Via Al Jazeera;
The United Nations Security Council has adopted a statement backing joint UN-Arab League envoy Kofi Annan’s plan for ending the year-long violence in Syria, as a government crackdown on opposition strongholds has continued.
The statement adopted on Wednesday expressed the council’s “full support” for Annan’s efforts, and called upon both the government and the opposition “to work in good faith with the envoy towards a peaceful settlement of the Syrian crisis” and to fully implement his six-point proposal.
The statement threatened “further steps” if the government failed to comply with the proposal.
Anan’s plan calls for a ceasefire, specifically a “daily two hour humanitarian pause,” to be established, as well as for both sides to engage in political dialogue and to allow humanitarian aid agencies access to areas where citizens have been caught up in an increasingly militarised conflict.
It also calls for those detained during a government crackdown on protests to be released, and for restrictions on the freedom of movement of foreign journalists to be removed.
The 15-member UNSC, including China and Russia who have vetoed previous moves, called on the Syrian government to commit to working with “an inclusive Syrian-led political process to address the legitimate aspirations and concerns of the Syrian people”.
Speaking in Berlin, Sergei Lavrov, the Russian foreign minister, said that the text of the statement “reflects the reality in Syria and supports Annan’s aims. We support it fully”.
“The document does not contain any ultimatums, threats or assertions about who is guilty,” he said,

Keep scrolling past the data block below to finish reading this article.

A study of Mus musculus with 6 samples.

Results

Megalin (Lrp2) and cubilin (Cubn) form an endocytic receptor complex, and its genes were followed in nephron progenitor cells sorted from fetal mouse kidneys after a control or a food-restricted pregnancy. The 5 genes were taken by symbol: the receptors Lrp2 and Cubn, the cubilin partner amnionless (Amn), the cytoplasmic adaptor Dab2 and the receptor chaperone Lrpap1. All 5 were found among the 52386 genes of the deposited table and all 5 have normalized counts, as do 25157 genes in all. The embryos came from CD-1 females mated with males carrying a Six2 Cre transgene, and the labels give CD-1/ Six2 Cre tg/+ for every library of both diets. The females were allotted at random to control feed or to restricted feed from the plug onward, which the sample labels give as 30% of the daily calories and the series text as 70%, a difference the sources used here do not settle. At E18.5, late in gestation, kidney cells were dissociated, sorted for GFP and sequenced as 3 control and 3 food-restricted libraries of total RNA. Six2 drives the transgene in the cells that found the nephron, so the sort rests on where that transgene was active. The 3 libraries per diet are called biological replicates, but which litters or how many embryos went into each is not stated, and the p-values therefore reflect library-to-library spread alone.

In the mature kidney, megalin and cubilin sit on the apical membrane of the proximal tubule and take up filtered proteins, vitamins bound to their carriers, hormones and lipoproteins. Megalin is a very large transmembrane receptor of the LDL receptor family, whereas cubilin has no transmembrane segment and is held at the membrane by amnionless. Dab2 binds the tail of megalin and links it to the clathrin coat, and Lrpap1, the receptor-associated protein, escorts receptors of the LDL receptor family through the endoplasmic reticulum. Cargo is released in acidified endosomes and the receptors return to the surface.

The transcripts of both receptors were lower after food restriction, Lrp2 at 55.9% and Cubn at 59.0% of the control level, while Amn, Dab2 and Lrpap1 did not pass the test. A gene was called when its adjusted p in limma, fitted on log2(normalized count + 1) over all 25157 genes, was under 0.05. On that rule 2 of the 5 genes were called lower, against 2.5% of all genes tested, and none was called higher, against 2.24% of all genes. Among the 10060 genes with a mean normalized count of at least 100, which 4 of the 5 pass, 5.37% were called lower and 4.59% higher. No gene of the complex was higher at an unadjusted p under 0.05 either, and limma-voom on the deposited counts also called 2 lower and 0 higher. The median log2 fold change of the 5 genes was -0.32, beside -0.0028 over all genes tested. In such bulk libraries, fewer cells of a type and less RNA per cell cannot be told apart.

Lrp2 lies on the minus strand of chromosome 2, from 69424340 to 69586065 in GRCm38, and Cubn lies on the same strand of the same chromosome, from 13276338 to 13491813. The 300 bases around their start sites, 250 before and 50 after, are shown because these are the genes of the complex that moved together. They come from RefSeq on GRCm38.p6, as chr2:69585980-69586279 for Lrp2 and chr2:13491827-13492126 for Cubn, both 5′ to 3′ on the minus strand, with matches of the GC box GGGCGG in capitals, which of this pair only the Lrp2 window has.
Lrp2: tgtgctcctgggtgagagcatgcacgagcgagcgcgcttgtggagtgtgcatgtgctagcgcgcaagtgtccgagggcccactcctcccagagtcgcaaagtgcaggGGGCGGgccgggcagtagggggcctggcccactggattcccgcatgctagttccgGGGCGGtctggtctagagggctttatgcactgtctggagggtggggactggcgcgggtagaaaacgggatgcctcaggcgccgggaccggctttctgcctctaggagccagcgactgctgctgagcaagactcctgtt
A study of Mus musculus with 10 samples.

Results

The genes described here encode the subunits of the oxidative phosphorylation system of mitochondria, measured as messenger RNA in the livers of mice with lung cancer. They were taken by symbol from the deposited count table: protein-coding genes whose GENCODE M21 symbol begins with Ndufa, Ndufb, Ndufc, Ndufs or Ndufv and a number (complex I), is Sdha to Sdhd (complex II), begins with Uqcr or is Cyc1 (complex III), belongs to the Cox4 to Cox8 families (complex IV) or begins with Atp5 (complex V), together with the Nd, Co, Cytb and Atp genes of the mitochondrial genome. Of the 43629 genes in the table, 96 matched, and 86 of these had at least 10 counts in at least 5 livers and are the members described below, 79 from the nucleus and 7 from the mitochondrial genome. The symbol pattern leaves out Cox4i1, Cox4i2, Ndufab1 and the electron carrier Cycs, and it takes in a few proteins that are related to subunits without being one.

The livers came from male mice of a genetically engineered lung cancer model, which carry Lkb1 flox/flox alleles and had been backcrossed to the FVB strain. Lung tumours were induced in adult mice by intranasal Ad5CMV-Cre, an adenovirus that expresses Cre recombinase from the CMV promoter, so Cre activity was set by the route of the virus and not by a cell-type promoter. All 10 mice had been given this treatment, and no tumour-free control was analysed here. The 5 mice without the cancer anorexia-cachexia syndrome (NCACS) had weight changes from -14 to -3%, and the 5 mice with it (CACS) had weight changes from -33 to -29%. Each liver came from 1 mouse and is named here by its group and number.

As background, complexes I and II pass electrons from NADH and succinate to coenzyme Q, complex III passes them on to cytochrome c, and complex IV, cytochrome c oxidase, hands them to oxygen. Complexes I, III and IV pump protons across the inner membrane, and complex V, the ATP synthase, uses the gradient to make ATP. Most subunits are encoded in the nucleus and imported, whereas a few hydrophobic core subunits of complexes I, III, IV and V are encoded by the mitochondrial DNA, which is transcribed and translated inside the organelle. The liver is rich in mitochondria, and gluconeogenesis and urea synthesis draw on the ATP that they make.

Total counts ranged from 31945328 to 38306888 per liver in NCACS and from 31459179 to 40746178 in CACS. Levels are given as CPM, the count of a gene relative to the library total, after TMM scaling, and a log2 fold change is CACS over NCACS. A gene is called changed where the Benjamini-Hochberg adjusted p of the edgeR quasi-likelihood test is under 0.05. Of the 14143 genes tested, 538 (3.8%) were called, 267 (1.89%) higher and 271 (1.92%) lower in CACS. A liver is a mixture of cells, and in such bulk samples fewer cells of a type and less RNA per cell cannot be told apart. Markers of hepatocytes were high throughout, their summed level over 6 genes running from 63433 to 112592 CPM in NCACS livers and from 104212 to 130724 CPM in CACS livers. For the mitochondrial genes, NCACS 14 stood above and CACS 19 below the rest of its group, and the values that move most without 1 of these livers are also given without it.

Earlier, Lavrov told radio station Kommersant-FM that Russia believed that “the Syrian leadership reacted wrongly to the first appearance of peaceful protests and … is making very many mistakes”.
Lavrov also spoke of a “future transition” period for Syria but continued to reject calls from most Western and Arab states for Assad to resign, saying this was “unrealistic”
How will this affect the opposition’s willingness to reach a diplomatic end to the warfare? Opposition leaders have already rebuked Kofi Annan’s call for diplomacy, a plan which seems foolish in the face of the more than ten thousand dead Syrian citizens. So will this give nothing more than token aid to distressed citizens, and perhaps inflame the international community if there are no ceasefires, or broken ceasefires, that kill U.N. workers attempting to get aid into bombarded areas. Will a ceasefire be broken by the opposition, prompting outrage against them? Or will this be a watershed moment, as Russia and China drop their previous veto, that manufactures a peace between warring parties? Perhaps “further steps” will be necessary against the recalcitrant Assad regime.